Parents make decisions for their children all the time. It is part of the job. Breast or bottle? Cloth or plastic? And that is just the beginning. By the time a child enters school the decisions a parent has made number well into the thousands.
Medical decisions are just part of the job description as well. Is my child sick? Does she need to go to the doctor? Should I put ointment on his cut?
Yet as soon as that child walks into a New York school, that same parent can’t approve the use of sunscreen on a school trip unless a physician signs off on it.
This upsets me on so many levels.
As a parent, I don’t understand why I can’t ask the school nurse to give my child a simple over-the-counter medication – the same medication I bought without a prescription and gave my daughter before she got on the school bus.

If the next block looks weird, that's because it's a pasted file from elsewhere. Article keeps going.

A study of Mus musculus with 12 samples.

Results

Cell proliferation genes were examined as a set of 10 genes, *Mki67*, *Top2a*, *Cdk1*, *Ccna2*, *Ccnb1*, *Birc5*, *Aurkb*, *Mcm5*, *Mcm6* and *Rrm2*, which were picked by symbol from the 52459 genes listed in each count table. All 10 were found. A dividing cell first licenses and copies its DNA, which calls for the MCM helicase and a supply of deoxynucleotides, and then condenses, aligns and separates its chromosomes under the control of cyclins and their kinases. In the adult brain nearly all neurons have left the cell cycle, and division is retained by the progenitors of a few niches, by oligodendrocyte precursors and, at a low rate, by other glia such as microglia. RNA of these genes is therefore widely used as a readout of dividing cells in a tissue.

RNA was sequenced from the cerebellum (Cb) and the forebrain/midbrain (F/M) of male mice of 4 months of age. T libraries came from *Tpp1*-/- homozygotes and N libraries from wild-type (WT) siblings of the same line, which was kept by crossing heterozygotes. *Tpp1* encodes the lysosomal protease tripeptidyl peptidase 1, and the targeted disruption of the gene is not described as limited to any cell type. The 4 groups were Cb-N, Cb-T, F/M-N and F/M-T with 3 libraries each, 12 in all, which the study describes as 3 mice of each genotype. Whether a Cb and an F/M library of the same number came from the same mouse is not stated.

As a pediatrician, I can’t imagine a circumstance where sunscreen or bacitracin would be bad for a child, unless there is an allergy, which I depend on the parent to give me this kind of history anyway.
In my busy home life, I don’t need the unnecessary procedures involved with getting the doctor to sign off on over-the-counter medications.
In my busy practice life, I don’t need yet one more unnecessary piece of paper demanding my attention.
As a parent and a physician, I would like the schools and the government to remember that parents make health decisions every day, decisions much more important than sunscreen, bug spray and Tylenol.
Dr. Fierstein is a practicing pediatrician. Born in the Bronx and raised in Queens, Dr. Kerry Frommer Fierstein is a New Yorker all the way. She works at Pediatric Health Associates, PC, a division of Allied Pediatrics of New York.